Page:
Neighbours oppose new gym plan at Keane school

An artist's impression of the new PE block at Liberton High. Picture: contributed
An artist's impression of the new PE block at Liberton High. Picture: contributed
0
Have your say

THE expansion of a school where a pupil was killed by a collapsing wall has ignited a row with neighbours.

A £2.5 million revamp of Liberton High’s main PE block has come under fire from nearby residents, who fear the enlarged building lies too close to their homes.

The blueprints have been unveiled eight months after Keane Wallis-Bennett, 12, died in the school when a changing room wall fell on top of her.

An outdoor classroom with a permanent memorial to the youngster will be created under the plans.

But neighbours say the extension – featuring a dance studio and gymnasium, as well as storage, general fitness and changing areas – will be sited just four metres from their property creating noise nuisance and privacy issues.

It is understood the owners of 16 houses in Greenend Grove and Greenend Gardens are poised to object to the plans, while community leaders – who are not opposed to extending the school in principle – have also met Justice Minister Kenny MacAskill to air concerns.

Residents have accused city leaders of “steamrollering” the project through despite a groundswell of opposition to the plans. A spokeswoman for the group said there were deep concerns among residents, many of whom are elderly.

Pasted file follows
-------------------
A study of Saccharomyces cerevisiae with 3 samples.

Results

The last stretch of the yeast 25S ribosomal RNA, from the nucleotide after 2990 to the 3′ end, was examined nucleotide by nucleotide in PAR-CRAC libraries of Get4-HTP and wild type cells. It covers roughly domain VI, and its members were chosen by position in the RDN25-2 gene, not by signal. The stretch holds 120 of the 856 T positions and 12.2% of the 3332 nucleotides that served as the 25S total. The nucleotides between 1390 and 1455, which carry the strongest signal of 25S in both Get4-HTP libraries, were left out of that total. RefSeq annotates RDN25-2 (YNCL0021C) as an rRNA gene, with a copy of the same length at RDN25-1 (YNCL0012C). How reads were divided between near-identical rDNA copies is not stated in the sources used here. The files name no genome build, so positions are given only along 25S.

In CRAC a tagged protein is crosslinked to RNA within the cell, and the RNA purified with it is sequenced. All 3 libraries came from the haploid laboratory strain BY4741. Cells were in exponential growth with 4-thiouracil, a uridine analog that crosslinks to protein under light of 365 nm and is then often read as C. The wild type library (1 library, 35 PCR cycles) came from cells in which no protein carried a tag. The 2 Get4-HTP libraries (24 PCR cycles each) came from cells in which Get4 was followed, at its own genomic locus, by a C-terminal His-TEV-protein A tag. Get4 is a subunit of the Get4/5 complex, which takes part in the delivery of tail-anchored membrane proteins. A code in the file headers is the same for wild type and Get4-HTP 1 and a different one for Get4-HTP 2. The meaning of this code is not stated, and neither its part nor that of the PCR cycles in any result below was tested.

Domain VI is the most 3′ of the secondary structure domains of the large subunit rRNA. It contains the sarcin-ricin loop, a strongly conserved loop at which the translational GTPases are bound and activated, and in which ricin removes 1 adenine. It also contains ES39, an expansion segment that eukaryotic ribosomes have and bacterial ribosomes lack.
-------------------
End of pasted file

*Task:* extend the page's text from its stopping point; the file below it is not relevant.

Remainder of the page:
“I think the major feeling would be anger that there was not proper consultation and that this has just steamed ahead and been presented as a done deal,” she said.

“People are worried about the proximity – some have asked if there will be a security issue.”

City leaders insist they have made every effort to meet and listen to residents.

Councillor Norma Austin Hart, Labour member for Liberton and Gilmerton, said she had “every sympathy” with concerned residents but added: “We are trying to help a school that’s been traumatised by the death of Keane Wallis-Bennett and have made a commitment to replacing the old gym with a new facility.

“I feel that the extension of the new gym as proposed is the best compromise in the situation.

“We do not have an infinite amount of money.”

A council spokesman said: “Whilst we cannot change the location for the extension, in the final design which we have now submitted for planning approval we did make some changes to the design, such as reducing the eaves level on parts of the extension, as a direct result of [residents’] feedback, which we hope will address at least some of their concerns.”